To the United States military, he was an ISIS-K facilitator they feared was involved in a plot to attack Kabul’s international airport.
To his family and colleagues at a US nonprofit, 43-year-old Zamarai Ahmadi was an aid worker applying for a US visa to get his family out of Taliban-controlled Afghanistan.
In the two weeks since US drone operatives fired a Hellfire missile at a car in a residential Kabul compound, two vastly different narratives have emerged about the man who his family say died alongside nine relatives.
The Pentagon maintains at least one ISIS-K facilitator was killed in what Chairman of the Joint Chiefs Gen. Mark Milley called a “righteous strike” on the compound on August 29.
In a statement, US Central Command pointed to “significant secondary explosions” as evidence of a “substantial amount of explosive material” in the vehicle. A US official with knowledge of the operation told CNN Thursday that operatives tracked the car for about eight hours before initiating the strike.
But CNN interviews with two explosive experts and more than two dozen of Ahmadi’s relatives, colleagues and neighbors raise questions about whether an ISIS-K facilitator was killed in the attack and whether the car contained explosives.
Their accounts also prompt doubts over whether the military had sufficient intelligence to launch a strike that, according to family, would ultimately kill three men with visa pathways to the US and seven children aged 15 and under.
In the days leading up to the strike, tensions in the Afghan capital were high.
An ISIS-K suicide attacker had detonated his vest outside a gate at Hamid Karzai International Airport three days before, killing at least 170 people and 13 US service members. And an August 31 deadline was fast approaching for the US and its allies to complete their evacuation of increasingly desperate people from the airport.
After the attack, US President Joe Biden was firm: “We will not forgive. We will not forget. We will hunt you down and make you pay.
“We will respond with force and precision at our time, at a place we choose and at a moment of our choosing.”
On August 28, Biden said US commanders had warned another terrorist attack on the airport was “highly likely” in the next 24 to 36 hours. “I directed them to take every possible measure to prioritize force protection,” he said in a statement.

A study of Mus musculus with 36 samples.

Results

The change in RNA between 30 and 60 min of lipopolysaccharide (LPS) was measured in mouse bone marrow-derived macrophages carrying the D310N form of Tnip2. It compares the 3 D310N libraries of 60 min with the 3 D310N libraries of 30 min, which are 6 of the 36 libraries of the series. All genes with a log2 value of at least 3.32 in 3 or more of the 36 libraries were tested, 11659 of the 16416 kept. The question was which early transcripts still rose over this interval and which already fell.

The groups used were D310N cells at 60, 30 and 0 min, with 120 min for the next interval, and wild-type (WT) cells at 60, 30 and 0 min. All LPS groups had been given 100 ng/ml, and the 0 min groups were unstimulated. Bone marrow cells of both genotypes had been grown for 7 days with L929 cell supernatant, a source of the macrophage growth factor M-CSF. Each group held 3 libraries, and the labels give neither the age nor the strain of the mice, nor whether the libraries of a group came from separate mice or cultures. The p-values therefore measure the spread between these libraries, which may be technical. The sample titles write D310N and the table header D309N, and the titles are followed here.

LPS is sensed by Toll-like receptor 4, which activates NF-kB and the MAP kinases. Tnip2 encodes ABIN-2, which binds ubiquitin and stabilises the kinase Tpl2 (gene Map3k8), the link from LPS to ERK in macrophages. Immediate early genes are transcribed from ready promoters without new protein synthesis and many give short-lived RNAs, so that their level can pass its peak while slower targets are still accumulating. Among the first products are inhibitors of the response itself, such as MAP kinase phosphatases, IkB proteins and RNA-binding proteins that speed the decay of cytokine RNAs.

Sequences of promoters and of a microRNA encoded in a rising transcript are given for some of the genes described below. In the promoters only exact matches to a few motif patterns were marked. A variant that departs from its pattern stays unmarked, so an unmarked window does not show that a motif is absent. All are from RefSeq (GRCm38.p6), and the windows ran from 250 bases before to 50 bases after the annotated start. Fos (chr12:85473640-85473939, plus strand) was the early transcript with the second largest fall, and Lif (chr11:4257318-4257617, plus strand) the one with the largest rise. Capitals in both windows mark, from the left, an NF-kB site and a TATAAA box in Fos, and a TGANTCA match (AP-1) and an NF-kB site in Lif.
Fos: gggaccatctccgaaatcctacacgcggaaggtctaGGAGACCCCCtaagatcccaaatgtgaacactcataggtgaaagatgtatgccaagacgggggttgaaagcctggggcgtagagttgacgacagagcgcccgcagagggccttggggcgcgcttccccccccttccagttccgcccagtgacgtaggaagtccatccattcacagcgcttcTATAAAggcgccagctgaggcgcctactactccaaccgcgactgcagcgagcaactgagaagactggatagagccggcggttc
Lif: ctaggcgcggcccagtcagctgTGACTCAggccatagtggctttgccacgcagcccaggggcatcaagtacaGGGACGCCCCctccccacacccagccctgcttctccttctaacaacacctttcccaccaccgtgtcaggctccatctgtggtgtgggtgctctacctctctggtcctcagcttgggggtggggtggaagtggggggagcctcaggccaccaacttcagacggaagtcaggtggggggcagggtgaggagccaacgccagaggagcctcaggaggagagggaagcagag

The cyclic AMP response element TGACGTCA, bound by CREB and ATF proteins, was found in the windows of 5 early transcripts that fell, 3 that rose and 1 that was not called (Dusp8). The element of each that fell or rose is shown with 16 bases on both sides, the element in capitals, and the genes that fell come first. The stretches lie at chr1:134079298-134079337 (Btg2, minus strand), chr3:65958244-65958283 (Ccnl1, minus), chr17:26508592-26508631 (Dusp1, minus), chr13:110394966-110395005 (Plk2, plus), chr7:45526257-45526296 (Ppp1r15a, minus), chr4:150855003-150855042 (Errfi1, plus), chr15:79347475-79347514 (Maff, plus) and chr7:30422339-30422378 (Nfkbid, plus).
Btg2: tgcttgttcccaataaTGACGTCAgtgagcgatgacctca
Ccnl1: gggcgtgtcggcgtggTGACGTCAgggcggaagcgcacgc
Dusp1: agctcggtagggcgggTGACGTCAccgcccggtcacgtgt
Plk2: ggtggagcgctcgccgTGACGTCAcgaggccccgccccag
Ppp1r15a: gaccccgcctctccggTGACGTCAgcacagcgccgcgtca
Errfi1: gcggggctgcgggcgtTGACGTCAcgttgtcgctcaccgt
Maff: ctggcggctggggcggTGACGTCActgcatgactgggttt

The US official told CNN that intelligence sources led the US military to a compound about 5 kilometers (3 miles) northwest of Kabul’s airport, where they believed the August 26 airport attack had either been planned or directed. As the compound was within a few hundred meters of an old ISIS safehouse, the location didn’t surprise them, the official added.
The US began monitoring the house and sent an unmanned aircraft overhead, the official said.
That morning, Ahmadi’s day started in a similar way to many others, according to his workmates.
He often acted as their driver, they said, using a Toyota Corolla owned by the US nonprofit Nutrition and Education International (NEI), where Ahmadi had worked for 15 years.
At 8.44 a.m., Ahmadi received a call from NEI’s country director asking him to pick up a laptop from the colleague’s house, according to the colleague and phone records of the call.
But first, Ahmadi drove to pick up a former colleague, who asked to be called Khan for this story for security reasons. Khan wanted to go to the office to get information about US visa applications.
Khan said Ahmadi arrived at his house at about 8.45 a.m., and phone records confirmed he phoned as he pulled up outside.
Ahmadi and Khan then picked up the laptop from the country director’s house. Ahmadi got out of the car to get the laptop from his colleague’s father, Khan said. Ahmadi arrived at the house just before 9 a.m., according to Khan.
At about the same time, the unmanned aircraft overhead detected a vehicle pulling out of a suspected ISIS safehouse, the US official told CNN. There wasn’t much coming and going from the house, so when a vehicle did leave, “it was significant,” the official said.
The US began following that vehicle.
Ahmadi’s workmates, however, described a relatively typical day for them.
The mood in the car was jovial, said Khan, his former workmate.
“(Ahmadi) was the same, like the past — just joking, talking with each other, laughing,” he said.
Recently, NEI — a nonprofit dedicated to addressing malnutrition in Afghanistan — had been delivering rice and soybeans to camps in Kabul full of people who had fled the Taliban as militants claimed more regional territory.
At about 9.30 a.m., Ahmadi and his two passengers arrived at the NEI office where they ate their takeaway breakfast, according to Khan and the country director.